So I defrosted my fridge yesterday. Inches thick in ice, it was. Had to take a hairdryer to it in the end. Scalding hot air. Huge expanses of frozen water. A lot of wrenching, smashing and cries of frustration. All in all, it was a lot like the new Godflesh EP.Decline And Fall is the first new material from the reactivated Godflesh project in thirteen years, and right from the start, “Ringer” sees Broadrick and Green going back to their roots in chuggy minimalist brutalism. The drum machine’s back, and it restores to Godflesh that sense of cybernetic onslaught that their last release, Hymns, was missing. When they’re on it, as they are here, it’s impossible to mistake them for anyone else, even given the huge amount of bands influenced by them and who have tried to replicate the formula.
Once again the drums are like an ever-so-slightly-funky robot laying waste to all around it merely by absent-mindedly stomping on stuff, while the guitar and bass onslaught takes any survivors out into the town square and shoots them in the face. Melodies don’t really enter the picture until the second track, “Dogbite,” where Broadrick’s guitar chucks out a cheeky little riff that sounds not entirely unlike something Steve Albini might do in his angrier moments, all chime and grind, metal Wolverine claws scraping down sheet metal. Like all the best Godflesh stuff, it’s somewhat akin to being trapped in a furnace or an immense steam engine. Like Michael Gira said all those years ago, “the heat hurts” — but it’s a transcendent kind of pain, like achieving enlightenment through trepanning or ingesting drugs through the face via a knuckleduster.“Playing With Fire” is another instant Godflesh classic, Broadrick shouting “THERE’S NO GAIN, IT’S ALL PAIN” like the stompy robot’s become the most evil aerobics instructor to ever prancercise upon the Earth. And it’s up against some stiff fuckin’ competition there, or so I have been led to believe by a diet of ’80s movies. Things loosen up on the title track — although by “loosen up” I mean “the ever-so-slightly-funky robot gets ever-so-slightly-funkier” — hi-hats going off all over the place like fireworks or machine guns and with a proper moshy bit in the middle for the guitar to burst into flames over. Like Kevin Martin‘s King Midas Sound dub outfit, it’s not so much music that you dance to, it’s music that physically grabs you and moves your body.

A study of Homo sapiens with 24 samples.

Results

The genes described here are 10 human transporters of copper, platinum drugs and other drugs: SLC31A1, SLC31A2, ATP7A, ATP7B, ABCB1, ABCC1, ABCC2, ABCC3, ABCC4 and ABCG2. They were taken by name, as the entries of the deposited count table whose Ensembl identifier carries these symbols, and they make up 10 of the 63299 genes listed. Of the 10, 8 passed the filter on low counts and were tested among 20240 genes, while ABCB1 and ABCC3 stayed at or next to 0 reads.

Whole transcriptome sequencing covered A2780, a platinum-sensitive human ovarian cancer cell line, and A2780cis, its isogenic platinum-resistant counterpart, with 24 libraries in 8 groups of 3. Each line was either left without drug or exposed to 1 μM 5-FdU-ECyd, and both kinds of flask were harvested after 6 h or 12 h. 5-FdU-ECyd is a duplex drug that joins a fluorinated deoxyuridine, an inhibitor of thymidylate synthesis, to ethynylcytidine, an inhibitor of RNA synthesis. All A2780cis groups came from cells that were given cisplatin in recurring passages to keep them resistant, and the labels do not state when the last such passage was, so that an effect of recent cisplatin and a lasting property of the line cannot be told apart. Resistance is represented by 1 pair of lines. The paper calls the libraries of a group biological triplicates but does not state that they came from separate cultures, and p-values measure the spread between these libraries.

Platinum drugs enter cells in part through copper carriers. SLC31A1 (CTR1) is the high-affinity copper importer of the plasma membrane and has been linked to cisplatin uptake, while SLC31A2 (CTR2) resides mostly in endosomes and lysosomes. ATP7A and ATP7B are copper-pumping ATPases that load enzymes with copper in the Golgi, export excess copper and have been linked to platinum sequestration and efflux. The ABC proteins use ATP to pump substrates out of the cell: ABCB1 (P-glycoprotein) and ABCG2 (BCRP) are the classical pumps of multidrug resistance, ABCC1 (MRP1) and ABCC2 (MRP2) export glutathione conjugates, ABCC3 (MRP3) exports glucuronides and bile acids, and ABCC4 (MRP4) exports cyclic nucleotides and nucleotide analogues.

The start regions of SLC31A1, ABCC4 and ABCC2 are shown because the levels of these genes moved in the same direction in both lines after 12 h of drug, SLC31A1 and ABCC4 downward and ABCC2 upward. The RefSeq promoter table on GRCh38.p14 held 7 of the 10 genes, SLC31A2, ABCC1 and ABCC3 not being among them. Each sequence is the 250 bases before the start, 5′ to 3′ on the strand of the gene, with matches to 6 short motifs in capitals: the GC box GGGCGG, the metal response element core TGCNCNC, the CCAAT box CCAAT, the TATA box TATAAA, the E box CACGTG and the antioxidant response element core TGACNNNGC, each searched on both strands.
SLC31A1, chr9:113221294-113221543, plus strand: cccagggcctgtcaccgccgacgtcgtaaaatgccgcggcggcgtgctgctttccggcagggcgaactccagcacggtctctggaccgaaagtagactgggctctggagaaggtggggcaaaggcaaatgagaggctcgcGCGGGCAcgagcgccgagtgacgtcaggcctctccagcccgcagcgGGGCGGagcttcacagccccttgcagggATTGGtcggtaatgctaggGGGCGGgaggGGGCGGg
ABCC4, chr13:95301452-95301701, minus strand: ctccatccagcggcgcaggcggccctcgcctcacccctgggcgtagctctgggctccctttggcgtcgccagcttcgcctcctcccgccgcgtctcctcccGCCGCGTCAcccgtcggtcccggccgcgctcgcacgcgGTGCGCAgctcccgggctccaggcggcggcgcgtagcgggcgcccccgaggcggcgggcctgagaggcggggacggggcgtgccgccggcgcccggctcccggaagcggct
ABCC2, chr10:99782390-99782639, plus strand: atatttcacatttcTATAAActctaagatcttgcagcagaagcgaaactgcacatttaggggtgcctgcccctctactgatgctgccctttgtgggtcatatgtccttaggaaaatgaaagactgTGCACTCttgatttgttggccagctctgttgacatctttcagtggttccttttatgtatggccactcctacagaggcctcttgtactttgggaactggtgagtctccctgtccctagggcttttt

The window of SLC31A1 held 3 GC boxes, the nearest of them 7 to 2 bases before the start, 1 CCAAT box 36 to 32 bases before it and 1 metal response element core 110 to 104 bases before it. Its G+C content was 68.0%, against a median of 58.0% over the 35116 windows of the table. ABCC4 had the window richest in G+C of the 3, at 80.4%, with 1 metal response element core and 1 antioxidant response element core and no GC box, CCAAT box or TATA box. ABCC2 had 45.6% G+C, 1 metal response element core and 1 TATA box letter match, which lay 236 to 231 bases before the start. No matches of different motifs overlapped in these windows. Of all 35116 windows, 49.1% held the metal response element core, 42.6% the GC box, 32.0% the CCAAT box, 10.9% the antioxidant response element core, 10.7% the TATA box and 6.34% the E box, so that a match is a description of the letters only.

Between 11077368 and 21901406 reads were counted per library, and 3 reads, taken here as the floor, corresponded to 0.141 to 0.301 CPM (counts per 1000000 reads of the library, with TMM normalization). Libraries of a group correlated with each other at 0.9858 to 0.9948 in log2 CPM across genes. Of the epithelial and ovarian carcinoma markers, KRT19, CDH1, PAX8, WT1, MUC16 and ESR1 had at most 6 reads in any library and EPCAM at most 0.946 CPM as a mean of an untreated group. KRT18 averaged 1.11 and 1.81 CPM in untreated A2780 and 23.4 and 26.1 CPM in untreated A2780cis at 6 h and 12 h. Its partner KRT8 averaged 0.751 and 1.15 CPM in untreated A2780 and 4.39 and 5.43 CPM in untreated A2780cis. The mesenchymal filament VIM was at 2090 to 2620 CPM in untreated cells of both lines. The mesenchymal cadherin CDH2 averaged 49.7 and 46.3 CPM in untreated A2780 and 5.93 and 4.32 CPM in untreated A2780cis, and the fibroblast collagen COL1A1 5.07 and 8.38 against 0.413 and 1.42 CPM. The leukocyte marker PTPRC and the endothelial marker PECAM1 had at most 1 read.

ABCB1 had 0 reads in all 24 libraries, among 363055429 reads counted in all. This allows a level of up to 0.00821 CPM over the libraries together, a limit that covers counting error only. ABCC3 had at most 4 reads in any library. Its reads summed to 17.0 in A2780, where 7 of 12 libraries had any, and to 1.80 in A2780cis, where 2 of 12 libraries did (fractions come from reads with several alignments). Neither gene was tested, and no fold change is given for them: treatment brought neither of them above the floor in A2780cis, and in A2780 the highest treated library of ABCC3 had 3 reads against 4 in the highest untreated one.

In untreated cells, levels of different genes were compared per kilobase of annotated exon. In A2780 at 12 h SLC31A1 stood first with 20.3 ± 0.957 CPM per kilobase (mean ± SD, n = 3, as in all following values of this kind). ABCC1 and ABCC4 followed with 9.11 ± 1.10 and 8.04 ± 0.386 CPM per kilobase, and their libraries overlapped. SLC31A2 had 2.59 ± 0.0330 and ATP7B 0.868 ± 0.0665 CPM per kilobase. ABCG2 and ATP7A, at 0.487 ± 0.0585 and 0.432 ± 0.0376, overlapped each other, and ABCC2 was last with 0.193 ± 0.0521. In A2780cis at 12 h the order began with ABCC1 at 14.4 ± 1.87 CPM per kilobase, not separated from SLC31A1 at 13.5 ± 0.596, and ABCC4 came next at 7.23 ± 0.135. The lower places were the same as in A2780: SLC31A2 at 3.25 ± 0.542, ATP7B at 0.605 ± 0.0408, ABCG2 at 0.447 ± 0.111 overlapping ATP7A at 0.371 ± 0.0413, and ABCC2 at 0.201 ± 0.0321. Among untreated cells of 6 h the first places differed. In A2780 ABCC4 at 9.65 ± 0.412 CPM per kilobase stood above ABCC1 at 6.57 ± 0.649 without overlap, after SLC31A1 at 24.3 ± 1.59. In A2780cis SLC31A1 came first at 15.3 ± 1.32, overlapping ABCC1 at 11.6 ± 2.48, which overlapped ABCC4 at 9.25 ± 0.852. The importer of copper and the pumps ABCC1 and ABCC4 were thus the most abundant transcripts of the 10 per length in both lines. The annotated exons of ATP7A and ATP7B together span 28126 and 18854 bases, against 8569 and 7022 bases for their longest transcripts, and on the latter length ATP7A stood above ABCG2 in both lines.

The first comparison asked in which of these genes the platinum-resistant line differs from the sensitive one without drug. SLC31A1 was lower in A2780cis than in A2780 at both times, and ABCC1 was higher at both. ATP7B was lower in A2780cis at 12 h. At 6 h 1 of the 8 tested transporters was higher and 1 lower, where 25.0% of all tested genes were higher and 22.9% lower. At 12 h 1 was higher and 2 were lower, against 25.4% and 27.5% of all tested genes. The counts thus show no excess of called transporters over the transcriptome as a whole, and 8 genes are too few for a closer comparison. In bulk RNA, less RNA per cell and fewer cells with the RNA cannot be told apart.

There aren’t too many surprises here, really, which is no bad thing given that what we all hoped and expected for was pretty damn epic in itself; but now they’ve proved they can still do what they always used to do so well, it’ll be fascinating to learn where Godflesh take it next.
In short, it’s much better than defrosting a fridge. But that sounds a bit like damning with faint praise, so I’ll be lazy and say it’s fucking awesome.